These are my ten favorite releases from 2015. This list is comprised of new albums I received over the past year. They are listed alphabetically in no particular order.
Bassekou Kouyaté & Ngoni Ba
Bassekou Kouyaté & Ngoni Ba have put together one of their best releases this year. The enthusiastic ngoni playing of Kouyaté is clearly present, but the compositions are well-balanced and Amy Sacko’s voice lifts the band with incredible power and tenacity throughout the album. Zoumana Tereta adds great textured vocals and soku to the excellent “Fama Magni.”
Reina de Todas las Fiestas
The party atmosphere thrives when Chico Trujillo comes to town. Reina de Todas las Fiestas blasts the festivites to new heights with the addition of Banda Wiracocha, a mighty brass band from Northern Chile. Solid cumbia with a raucous, Andean carnival spirit.
Dizu Plaatjies and Friends
Ubuntu – The Common String
South African musician and ethnomusicologist Dizu Plaatjies and his ensemble have spun gold on this release which pays homage to stringed instruments. The impressive variety of compositions makes this one of the most dynamic releases of the year. Sensational from start to finish.
Khaira Arby returns with a great follow-up to Timbuktu Tarab. The band continues in explosive form, led by the one of Mali’s finest voices. The addition of the Debo Band horns is a nice, unexpected touch, but the group and Arby’s all-encompassing vocals are unstoppable on their own on such gems as “Alouha Homoli.”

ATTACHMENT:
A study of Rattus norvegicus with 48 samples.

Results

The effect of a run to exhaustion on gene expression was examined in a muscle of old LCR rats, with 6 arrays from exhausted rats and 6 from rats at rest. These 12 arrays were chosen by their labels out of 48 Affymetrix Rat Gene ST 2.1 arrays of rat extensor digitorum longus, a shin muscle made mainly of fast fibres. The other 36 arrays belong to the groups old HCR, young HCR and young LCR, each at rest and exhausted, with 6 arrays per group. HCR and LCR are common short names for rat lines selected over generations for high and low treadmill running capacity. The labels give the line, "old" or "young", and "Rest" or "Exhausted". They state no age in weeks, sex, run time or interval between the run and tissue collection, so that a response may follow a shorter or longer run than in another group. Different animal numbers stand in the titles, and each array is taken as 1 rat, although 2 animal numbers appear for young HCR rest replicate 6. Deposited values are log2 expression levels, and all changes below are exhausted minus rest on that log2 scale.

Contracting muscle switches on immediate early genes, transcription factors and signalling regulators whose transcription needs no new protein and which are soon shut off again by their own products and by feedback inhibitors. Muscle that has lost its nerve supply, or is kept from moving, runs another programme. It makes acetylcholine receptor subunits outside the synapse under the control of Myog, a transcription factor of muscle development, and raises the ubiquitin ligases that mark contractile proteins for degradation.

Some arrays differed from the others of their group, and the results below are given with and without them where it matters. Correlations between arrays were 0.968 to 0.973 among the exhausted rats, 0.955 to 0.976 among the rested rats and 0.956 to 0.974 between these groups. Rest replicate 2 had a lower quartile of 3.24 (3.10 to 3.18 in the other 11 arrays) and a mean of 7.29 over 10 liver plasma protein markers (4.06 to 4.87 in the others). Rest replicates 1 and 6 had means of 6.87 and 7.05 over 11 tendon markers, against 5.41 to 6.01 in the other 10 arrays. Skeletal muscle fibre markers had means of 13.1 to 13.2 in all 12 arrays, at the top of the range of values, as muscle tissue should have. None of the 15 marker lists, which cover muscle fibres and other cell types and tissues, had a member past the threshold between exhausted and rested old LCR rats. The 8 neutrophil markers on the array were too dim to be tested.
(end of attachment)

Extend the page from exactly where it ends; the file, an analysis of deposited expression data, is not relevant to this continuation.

Le Vent du Nord
Le Vent du Nord are in superb form on Têtu, a remarkable eighth album from the Quebec quartet. Unforgettable harmonies weave effortlessly with hurdy-gurdy, fiddle, guitar, piano, accordion, bouzouki and steady foot percussion across a set of songs filled with determination and passion. Innovative and beautiful, this is Québécois roots music at its finest.
Mariem Hassan & Vadiya Mint El Hanevi
Baila Sahara Baila
The late, great Mariem Hassan, the voice of the Sahara, soars on this release. Joined by her dancer and percussionist Vadiya Mint El Hanevi, the pair work with guitarist Lamgaifri Brahim and other special guests to assemble an outstanding document of Sahrawi music. Essential listening.
Novalima delivers again and again. Their previous effort, Karimba was an excellent record and Planetario continues to set the bar at a high level. Their mix of Afro-Peruvian sound system grooves are irresistible and this CD gets better with every spin.
Raya Brass Band
Raya Brass Band continue to be one of the finest brass ensembles around. Their live shows are legendary and their soul shaking intensity is captured brilliantly on Raya. The brazen, genre defying group sound better than ever with the addition of a second percussionist. Whether channeling the Balkans, New Orleans, India, Ethiopia or NYC salsa, Raya Brass Band get feet moving.
2015 saw the release of Razia’s outstanding Akory in the US. This urgent album explores the tough decisions facing Madagascar. She has become a cultural ambassador, speaking out for the children and rainforests of her homeland. Razia’s contemporary Malagasy music is unique and engaging. Interlocking salegy rhythms and vibrant vocals join marovany and accordion on a substantial record.
Welcome Joy and Welcome Sorrow
This acoustic instrumental Bristol quartet are one of kind. Besides having some of the best song titles around, they carve out stories and poems on their instruments which can soar with pride or slip into darkness, all the while offering layered compositions which tug at the heartstrings. Welcome Joy and Welcome Sorrow offers an exciting balance of English contemporary traditional music.